How Is A Hate Crime Different Than "Domestic Terrorism"? Charlottesville Attack Might Be Both

by Hannah Golden
Chip Somodevilla / Getty Images

The words "terrorism" and "hate crimes" have been tossed around a lot this weekend, following the protest, counter-protest, and vicious attack in Charlottesville, Virginia, so it's worth breaking down exactly what they mean. Their legal definitions also matter, and differ from each other, according to the New York Times. Here's how hate crimes are different from domestic terrorism.

On Saturday, Aug. 12, a counter-protester named Heather Heyer died and more than a dozen more were injured when James Alex Fields Jr. allegedly drove his car into a crowd of counter-protesters at a white nationalist rally in Charlottesville, Virginia. Fields was charged with second-degree murder, among other counts. On Monday, Aug. 14, Attorney General Jeff Sessions said the incident met the domestic terrorism definition.

But here's where things get tricky: even if a large number of people died, and the intent was clearly meant to cause harm, it might not necessarily constitute "terrorism" in the traditional way we think of the word. In order to meet the legal definition of terrorism, a few things need to have happened.

Domestic terrorism must involve harm to human life that violates any national or state law (like murder).

It also must appear to be intended to: intimidate a civilian population; influence the policy of a government; or affect the conduct of a government by mass destruction, assassination, or kidnapping.

Writing for CNN, criminal defense lawyer Page Pate points out — in an opinion piece — that terrorism doesn't have as much to do with the number of casualties, or with the profile of the person who committed the crime (including their race, beliefs, etc.). The definition can be kind of vague, and doesn't define, for example, what a "civilian population" is.

What the person appeared to be intending to do matters more in labeling something as "terrorism."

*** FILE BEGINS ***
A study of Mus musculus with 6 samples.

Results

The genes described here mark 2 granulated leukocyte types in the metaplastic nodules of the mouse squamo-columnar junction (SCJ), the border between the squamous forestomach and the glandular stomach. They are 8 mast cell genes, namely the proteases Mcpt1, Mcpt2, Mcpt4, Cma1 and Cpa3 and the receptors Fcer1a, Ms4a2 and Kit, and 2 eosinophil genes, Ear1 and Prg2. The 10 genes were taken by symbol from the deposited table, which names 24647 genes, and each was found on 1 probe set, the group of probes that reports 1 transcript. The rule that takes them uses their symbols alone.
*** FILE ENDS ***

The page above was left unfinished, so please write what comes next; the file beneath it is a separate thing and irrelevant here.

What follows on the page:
At the time of writing in 2015, Page wrote that the San Bernadino shooting was not a clear, cut-and-dry case of terrorism, though numerous officials and media reports, like this one in the Washington Post a year later, named it as such.

With the abundant video evidence of the attack, it certainly gives the Department of Justice (DOJ) investigation a lot to go on.

And on Monday, appearing on ABC's Good Morning America on Monday, Attorney General Jeff Sessions conceded that the Charlottesville attack:

... does meet the definition of domestic terrorism in our statute.

Sessions added that the DOJ will be factoring in terrorism as they move forward with their investigation. According to the American Civil Liberties Union (ACLU), domestic terrorism is not a charge in itself — however, investigating it as such could open other doors for the Justice Department.

It's also possible the Charlottesville attack could also be deemed a "hate crime."

When we think of hate crimes, as the name suggest, we often think of any serious crimes, like murder, motivated by hatred in the form of, say, racism or sexism. Hate crimes, as codified by the Shepard Byrd Act of 2009, are those that:

... willfully cause bodily injury, or attempt to do so using a dangerous weapon, because of the victim's actual or perceived race, color, religion, or national origin.

But not all hate-motivated crimes are hate crimes.

Hate crimes are federal crimes, and could be pursued by federal prosecutors. However, as the Times points out, it might be hard to use this statute in this case, being that both the victim and attacker were white. On ideological grounds, this would be difficult as well, as hatred for political affiliation is not specifically mentioned in the law.

There's a chance a hate crime could be shown under another statute, part of Title 18. Section 245 states that it is a crime to:

... use, or threaten to use force to willfully interfere with any person because of race, color, religion, or national origin and because the person is participating in a federally protected activity[.]

As for a "federally protected activity," the right to peaceful assembly (shout-out to the First Amendment) could be applied, but the Times reports it's not clear whether protesting a white nationalist rally counts.

Some are arguing that the Justice Department could move forward with investigating both a hate crime and domestic terrorism.

But at this point, it's unclear what the federal investigation will yield.

Many are calling out bias in how the incident is being labeled.

Though legal definitions might help prosecutors parse through an investigation, these terms have their own bearing and meaning in everyday life. How we choose to define them as a society matters, too.

People are criticizing President Donald Trump for refusing to outright condemn white supremacy or label it as terrorism, when he readily called other incidents as such. Many on social media were quick to point out the lack of consistency in language:

Some called out Trump for being hypocritical, by criticizing former President Obama for not using the words "Islamic terrorism" in an incident last year. (Trump, for his part, finally did condemn the Charlottesville attack and denounced the "white supremacists" involved but many felt it was too little, too late.)

While it's unclear at this point what the events of the weekend will eventually be termed by officials, and what the investigation will show, many Americans may have already decided.